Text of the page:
Post by Cheryl Tucker on April 26, 2009 at 5:33 pm |
April 26, 2009 5:33 pm

This editorial will appear in Monday’s print edition.



Parks will put funds to good use


Removing two Elwha River dams is something that’s been talked about for a long time in the Northwest. But thanks to $54.7 million in federal economic stimulus money, it’s starting to look like it’s really going to happen.


The national parks are getting $750 million to fund 750 projects in 48 states, and Washington state is faring very well with $62 million for 33 projects. Only California is getting more for its national parks – $97 million.


The National Park Service is giving priority to projects that are ready to go this summer, create the largest number of jobs in the shortest period of time and have lasting value for the park system and visitors. The funding is expected to create 30,000 to 40,000 jobs beginning this summer, including 15,000 in the 21st Century Youth Conservation Corps – which was inspired by the Civilian Conservation Corps of the 1930s.


Removing the two Elwha River dams in Olympic National Park definitely falls in the job-creation category and should be good news for a part of the state that was hurting even before the current recession.


More than 200 jobs will be created beginning this summer on nine mitigation projects that must be completed before work ban begin on actually dismantling the dams. Those include replacing the Clallam Tribe’s fish hatchery and completing two flood-protection projects. That mitigation was always part of the planning for the dams’ removal, but thanks to the stimulus money it will be completed a year earlier than projected.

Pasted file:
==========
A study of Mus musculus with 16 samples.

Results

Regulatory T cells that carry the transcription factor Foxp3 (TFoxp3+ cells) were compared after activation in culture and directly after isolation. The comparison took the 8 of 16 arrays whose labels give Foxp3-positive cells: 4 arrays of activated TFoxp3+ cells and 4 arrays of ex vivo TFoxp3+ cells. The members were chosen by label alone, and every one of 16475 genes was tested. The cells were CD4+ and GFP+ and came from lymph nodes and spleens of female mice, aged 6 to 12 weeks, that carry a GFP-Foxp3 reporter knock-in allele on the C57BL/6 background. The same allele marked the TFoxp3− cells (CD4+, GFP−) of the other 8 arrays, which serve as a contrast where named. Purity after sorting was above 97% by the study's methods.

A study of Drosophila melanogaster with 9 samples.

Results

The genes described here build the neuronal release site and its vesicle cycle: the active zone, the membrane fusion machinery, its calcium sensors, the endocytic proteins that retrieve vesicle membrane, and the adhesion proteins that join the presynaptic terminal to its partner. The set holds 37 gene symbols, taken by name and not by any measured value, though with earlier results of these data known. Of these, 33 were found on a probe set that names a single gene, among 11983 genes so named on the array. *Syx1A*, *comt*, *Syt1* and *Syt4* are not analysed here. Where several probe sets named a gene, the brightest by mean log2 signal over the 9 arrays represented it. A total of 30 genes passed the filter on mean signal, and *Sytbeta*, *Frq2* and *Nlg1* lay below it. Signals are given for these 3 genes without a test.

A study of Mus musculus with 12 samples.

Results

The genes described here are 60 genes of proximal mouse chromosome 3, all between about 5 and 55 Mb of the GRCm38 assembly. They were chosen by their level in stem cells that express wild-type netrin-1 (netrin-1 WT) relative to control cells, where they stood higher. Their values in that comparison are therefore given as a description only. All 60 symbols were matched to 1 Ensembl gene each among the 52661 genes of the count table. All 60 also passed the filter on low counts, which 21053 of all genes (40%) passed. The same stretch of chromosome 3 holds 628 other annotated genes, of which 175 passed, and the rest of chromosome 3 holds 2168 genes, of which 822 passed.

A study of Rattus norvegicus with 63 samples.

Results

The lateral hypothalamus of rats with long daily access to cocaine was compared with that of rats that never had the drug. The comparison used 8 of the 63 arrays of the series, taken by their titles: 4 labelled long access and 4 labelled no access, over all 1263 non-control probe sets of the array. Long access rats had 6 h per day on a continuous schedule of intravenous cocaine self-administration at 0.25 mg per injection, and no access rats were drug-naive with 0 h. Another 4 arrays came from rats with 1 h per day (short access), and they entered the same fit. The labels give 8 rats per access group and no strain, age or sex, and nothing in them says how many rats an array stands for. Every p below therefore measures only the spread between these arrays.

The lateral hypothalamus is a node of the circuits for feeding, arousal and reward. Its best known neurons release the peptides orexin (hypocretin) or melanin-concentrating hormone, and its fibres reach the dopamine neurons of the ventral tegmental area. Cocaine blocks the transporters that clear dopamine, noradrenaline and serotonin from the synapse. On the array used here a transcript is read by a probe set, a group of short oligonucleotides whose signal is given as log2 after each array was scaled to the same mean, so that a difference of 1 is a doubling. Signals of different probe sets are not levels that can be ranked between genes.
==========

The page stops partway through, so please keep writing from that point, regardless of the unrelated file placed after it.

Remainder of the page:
Jobs are important, especially now. But the major reason behind getting rid of the dams is to resurrect the river’s moribund salmon runs – which once produced harvests of enormous fish.


Although most of the money coming to Washington’s national parks is going to the Elwha mitigation projects ($54.7 million), $3.3 million is going to Mount Rainier National Park for nine projects. Those include parking and flood-protection improvements, converting Ipsut Creek Campground to a backcountry facility, rerouting the Glacier Basin and Wonderland trails, and updating exhibits at the Sunrise Visitor Center.


Putting people to work in the national parks during the Great Depression had long-lasting benefits for the country, creating great lodges and other facilities still in use today.

The 2009 version isn’t expected to have quite the same impact; it will only address about 10 percent of the park system’s backlog of badly needed repair and maintenance projects.


Still, it will provide jobs while addressing some of the system’s most pressing needs – a well-targeted use of federal stimulus money.